News ID: 135367
Published: 0658 GMT January 20, 2016

No sales of LNG shares to foreign companies: Official

No sales of LNG shares to foreign companies: Official

A senior energy official dismissed reports that Iran planned to sell shares in the country's frontrunner LNG scheme to foreign companies.

The rebuttal on Wednesday by Managing Director of National Iranian Gas Export Company (NIGEC) Alireza Kameli came after another official was quoted as saying that NIGEC planned to sell at least 20 percent of its 49-percent share in Iran LNG project.

"The National Iranian Gas Export Company has no plan to put on tender the shares of its LNG production projects to foreign investors and oil companies," Kameli was quoted as saying by Mehr News Agency.

Along with Iran Oil Pension Fund, which holds the remaining 51 percent stake, NIGEC hopes to complete Iran LNG in less than three years, General Manager of Marketing at NIGEC Mostafa Sharif was quoted as saying recently.

Iran LNG was among three liquefied natural gas production projects which the country planned to operate in conjunction with Royal Dutch Shell and Total.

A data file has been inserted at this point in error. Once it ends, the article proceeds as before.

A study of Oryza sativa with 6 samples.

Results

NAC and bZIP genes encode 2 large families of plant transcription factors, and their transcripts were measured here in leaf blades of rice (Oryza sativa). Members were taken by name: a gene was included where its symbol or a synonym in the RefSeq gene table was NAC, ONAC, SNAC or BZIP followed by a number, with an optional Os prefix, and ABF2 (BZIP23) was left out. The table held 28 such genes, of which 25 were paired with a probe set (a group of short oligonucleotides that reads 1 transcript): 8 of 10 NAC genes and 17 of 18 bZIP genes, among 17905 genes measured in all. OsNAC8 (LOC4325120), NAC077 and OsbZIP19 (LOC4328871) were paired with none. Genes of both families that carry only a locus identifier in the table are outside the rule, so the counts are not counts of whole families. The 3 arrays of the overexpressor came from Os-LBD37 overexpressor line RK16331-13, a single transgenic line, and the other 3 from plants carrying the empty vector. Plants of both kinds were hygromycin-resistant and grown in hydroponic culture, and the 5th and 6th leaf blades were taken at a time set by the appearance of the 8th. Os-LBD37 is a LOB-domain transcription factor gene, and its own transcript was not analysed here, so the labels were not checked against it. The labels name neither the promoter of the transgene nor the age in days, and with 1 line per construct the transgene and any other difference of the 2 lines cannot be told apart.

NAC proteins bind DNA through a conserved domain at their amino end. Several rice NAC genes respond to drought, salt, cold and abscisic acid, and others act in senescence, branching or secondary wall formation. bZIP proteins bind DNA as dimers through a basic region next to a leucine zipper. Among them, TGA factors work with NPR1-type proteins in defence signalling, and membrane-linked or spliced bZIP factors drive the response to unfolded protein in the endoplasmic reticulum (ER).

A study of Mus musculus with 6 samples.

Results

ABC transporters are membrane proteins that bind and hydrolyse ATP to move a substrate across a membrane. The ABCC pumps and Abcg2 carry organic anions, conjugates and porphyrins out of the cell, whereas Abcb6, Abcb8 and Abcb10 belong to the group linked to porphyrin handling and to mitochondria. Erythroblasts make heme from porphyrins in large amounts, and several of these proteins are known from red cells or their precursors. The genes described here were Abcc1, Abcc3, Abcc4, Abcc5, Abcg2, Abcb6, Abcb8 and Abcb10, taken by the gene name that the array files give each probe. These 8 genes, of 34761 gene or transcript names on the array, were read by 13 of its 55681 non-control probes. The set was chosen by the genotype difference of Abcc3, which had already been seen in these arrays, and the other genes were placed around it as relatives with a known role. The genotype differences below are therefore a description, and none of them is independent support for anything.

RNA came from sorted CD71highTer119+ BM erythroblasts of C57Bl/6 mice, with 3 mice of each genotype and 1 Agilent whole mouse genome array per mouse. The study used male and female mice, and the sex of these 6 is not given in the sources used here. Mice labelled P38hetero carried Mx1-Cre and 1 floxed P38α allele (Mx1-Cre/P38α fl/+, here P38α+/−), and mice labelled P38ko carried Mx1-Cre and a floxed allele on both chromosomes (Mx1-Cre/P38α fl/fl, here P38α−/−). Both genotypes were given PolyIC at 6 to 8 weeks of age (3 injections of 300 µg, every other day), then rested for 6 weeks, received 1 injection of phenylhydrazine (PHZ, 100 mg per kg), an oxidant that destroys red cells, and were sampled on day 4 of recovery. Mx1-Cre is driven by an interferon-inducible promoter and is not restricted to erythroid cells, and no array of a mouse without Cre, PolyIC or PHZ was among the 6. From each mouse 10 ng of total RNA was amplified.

Two of the projects — Pars LNG and Persian LNG — were suspended after sanctions were imposed on Iran in 2012, "but Iran LNG is being completed because its investors were Iranian companies and funds", Kameli said.

"In view of its progress, it is economically viable to complete and commission this plant under present circumstances," he added.

With more than 34 trillion cubic meters in proven reserves, Iran owns the world's largest natural gas reserves but its share of the global gas trade is less than one percent. Officials hope to attract $40 billion in the gas industry now that sanctions are lifted.

Iran seeks to raise gas production to 1.2 billion cubic meters (bcm) a day in five years, from 800 million cubic meters now. Its annual output totals 166 bcm, which is mostly consumed domestically.

German industrial gases group Linde has already offered to help Iran complete its LNG projects.

Foreign companies are also weighing $800 million-$1 billion in investment in floating production of LNG from associated gas at offshore fields in the Persian Gulf, a senior energy official has said.